Books Reading Themes Whodunit Reading Challenge

Reading Recommendation on the Crime and Mystery Genre: A GatheringBooks List!

In the first semester of 2011 we hosted our first reading challenge on books under the Mystery and Crime Genre and dedicated the Months of May and April for our own Whodunit reading.  We had quite a number of books we wanted to review, but alas only a few made it to the site. Below are the list of books we’ve reviewed  and I’ll be adding a few other recommendations along the lines of the Whodunit theme.

Detectives, Evidence Trails and Criminals

What is a Whodunit theme without Crime? The books we featured in 2011 were a mixture of picture books, YA Fiction and General (Adult) Fiction.  As Myra mentioned in May, it’s challenging to find picture book titles in this genre. Below are the books we featured. Click on the thumbnails to take you to the review.

A Picture Book “Whodunnit?” by Caroline Browne, Story by Helen Cresswell

Bananas, Apes, and Cold Trails: Detective Small in the Amazing Banana Casper by Wong Herbert Lee

Bug Metaphor and a Kidnapped Queenie Bee: Ace Lacewing Bug Detective by David Biedrzycki

A Whodunit YA Novel: Dovey Coe by Frances O’Roark Dowell

Ellen Raskin’s The Westing Game – Mystery of a Lifetime

Agatha Christie’s The Murder of Roger Ackroyd

One of our contributors, Professor Emeritus Libby Cohen reviewed Stieg Larsson’s Millenium Trilogy. This review inspired our first attempt at hosting a challenge. Other books you might enjoy that our challenge participants reviewed are books by Alan Bradley (Sweetness at the Bottom of the Pie) and Eoin Colfer (Artemis Fowl Series). Other popular detective series are by Agatha Christie and MC Beaton. And of course no Whodunit list is complete without the classic Sherlock Holmes by A.C. Doyle.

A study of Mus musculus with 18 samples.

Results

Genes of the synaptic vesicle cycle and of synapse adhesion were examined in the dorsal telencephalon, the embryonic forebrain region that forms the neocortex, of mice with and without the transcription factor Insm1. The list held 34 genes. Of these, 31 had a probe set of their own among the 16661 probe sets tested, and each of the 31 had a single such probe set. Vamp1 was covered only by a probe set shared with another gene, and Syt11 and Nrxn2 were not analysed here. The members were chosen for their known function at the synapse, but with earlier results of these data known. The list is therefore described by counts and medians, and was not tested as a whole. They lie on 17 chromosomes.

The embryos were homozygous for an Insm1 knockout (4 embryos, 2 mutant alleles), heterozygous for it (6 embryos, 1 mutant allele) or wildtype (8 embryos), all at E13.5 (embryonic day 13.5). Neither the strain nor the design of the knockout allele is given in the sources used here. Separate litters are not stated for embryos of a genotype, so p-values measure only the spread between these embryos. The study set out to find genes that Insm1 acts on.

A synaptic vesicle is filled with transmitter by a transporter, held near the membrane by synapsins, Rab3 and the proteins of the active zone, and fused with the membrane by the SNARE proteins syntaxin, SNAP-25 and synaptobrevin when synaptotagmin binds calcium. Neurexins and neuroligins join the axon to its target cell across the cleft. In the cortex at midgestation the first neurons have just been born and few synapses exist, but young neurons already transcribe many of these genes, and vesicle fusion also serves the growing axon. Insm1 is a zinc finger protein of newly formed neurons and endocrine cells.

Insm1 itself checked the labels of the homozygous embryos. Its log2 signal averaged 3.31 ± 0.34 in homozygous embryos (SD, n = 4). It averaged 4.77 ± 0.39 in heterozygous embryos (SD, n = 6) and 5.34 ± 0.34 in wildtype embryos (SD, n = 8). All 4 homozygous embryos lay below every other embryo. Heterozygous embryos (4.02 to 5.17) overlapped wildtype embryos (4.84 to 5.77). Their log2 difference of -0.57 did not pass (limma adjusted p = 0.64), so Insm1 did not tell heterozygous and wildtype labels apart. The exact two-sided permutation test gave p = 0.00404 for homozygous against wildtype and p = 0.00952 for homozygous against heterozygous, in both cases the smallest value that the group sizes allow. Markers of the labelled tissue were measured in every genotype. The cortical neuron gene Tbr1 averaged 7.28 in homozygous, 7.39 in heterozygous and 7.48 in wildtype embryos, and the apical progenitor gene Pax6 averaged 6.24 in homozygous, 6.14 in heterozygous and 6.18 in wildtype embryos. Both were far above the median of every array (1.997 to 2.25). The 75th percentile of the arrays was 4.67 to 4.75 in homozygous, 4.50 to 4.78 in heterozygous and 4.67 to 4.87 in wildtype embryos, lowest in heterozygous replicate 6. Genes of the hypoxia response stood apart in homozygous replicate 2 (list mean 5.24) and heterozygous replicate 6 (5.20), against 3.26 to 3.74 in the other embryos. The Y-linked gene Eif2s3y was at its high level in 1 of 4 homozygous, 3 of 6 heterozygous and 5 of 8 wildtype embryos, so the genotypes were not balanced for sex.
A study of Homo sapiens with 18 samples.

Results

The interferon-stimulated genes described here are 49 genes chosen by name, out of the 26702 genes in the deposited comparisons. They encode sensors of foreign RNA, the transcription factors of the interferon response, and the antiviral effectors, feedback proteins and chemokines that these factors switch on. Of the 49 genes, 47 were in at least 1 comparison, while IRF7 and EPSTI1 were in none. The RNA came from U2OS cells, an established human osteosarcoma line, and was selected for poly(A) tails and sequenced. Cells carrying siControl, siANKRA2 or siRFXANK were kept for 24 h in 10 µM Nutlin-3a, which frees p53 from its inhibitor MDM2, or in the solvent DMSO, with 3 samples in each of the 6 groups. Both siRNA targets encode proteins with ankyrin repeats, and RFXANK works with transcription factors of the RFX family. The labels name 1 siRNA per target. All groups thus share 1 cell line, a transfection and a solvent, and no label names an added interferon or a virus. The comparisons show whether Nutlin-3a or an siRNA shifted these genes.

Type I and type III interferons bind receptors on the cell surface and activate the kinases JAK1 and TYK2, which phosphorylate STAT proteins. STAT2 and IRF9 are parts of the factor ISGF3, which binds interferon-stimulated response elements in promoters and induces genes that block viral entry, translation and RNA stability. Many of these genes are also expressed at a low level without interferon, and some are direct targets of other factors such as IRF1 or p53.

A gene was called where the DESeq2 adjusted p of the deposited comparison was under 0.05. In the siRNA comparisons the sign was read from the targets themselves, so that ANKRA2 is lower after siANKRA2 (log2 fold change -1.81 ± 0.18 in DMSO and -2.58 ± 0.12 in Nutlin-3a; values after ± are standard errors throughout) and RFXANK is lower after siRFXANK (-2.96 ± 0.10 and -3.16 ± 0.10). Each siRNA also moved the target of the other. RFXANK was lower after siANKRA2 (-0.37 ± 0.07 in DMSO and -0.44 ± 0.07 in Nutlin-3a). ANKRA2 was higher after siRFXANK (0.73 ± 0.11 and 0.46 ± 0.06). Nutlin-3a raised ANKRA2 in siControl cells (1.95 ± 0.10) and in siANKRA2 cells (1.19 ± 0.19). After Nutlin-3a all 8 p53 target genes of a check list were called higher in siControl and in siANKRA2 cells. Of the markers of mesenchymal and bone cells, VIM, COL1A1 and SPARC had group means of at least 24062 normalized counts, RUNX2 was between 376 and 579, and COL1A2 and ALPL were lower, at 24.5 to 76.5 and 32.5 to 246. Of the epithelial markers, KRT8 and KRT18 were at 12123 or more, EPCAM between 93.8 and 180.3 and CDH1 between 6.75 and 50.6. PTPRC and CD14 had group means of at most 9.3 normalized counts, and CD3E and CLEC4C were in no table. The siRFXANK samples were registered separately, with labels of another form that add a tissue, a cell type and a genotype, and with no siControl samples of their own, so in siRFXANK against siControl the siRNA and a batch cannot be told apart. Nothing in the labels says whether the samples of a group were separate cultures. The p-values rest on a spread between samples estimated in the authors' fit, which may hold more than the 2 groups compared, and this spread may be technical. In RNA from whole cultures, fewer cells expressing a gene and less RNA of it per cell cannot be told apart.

Shadows and Mysteries

A lot of the books we reviewed were more on the Mystery Genre. And bibliophiles that we are, when we enjoy one author you can be sure to see more of his or her work featured here in our site. During the Whodunit theme, we reviewed a few books by Chris Van Allsburg and Sarah Klise.

Subtlety, Shadows, and Poetry in Chris Van Allsburg ‘s The Mysteries of Harris Burdick

A Wicked Wicked Thing (or not)? The Widow’s Broom by Chris Van Allsburg


Mystery behind the Color Striped Marks: Chris Van Allsburg’s Bad Day at Riverbend

A {Ghastly] Family by Choice: Over my Dead Body by Kate Klise and Illustrated by M. Sarah Klise

On Clogged Sinks, Trips to China and a Bean-Loving Senator – Regarding the Sink by Kate Klise and Illustrated by M. Sarah Klise

Around the World in 39 Clues – The Maze of Bones by Rick Riordan

Reading the 39 Clues Book 2 “One False Note” In Vienna by Gordon Korman

Miss Nelson or Miss Viola Swamp? ‘Miss Nelson is Missing!’ by Harry Allard and James Marshall


Sneakily, Stealthily, Creepily Audacious: James Stimson’s Thirteen O’Clock

The Thirteenth Tale by Diane Setterfield

The Black Book of Secrets by F.E. Higgins – A Reflection

Daily Banalities Shimmer in Mystery, Shrouded in Shrieking Secrecy: Tales from Outer Suburbia by Shaun Tan

The Book Without Words: A Fable of Medieval Magic by Avi

The Courage to Face One’s Fears – Woolvs in the Sitee by Margaret Wild and Anne Spudvilas

Maze Of Mysteries: The Eleventh Hour, A Curious Mystery by Graeme Base

In the Dread of Night: Volume 1

Other titles in this genre worth looking into  are Trenton Lee Stewart’s Mysterious Benedict Society trilogy. Other books that would be great to read would be Pseudonymous Bosch Secret Series.

As I’m writing this, I can’t think of other titles. But as soon as I remember them you’ll most likely find them making their way in our 2012 reviews. I hope you enjoy the titles we’ve shared with you this year.

4 comments on “Reading Recommendation on the Crime and Mystery Genre: A GatheringBooks List!

  1. Great list! Thanks, Iphigene! 🙂


  2. There are so many to choose from, Iphigene. I am enjoying these lists & although I know some of the books, am glad to make note of others that are new to me. Thanks for your work in compiling and talking about them.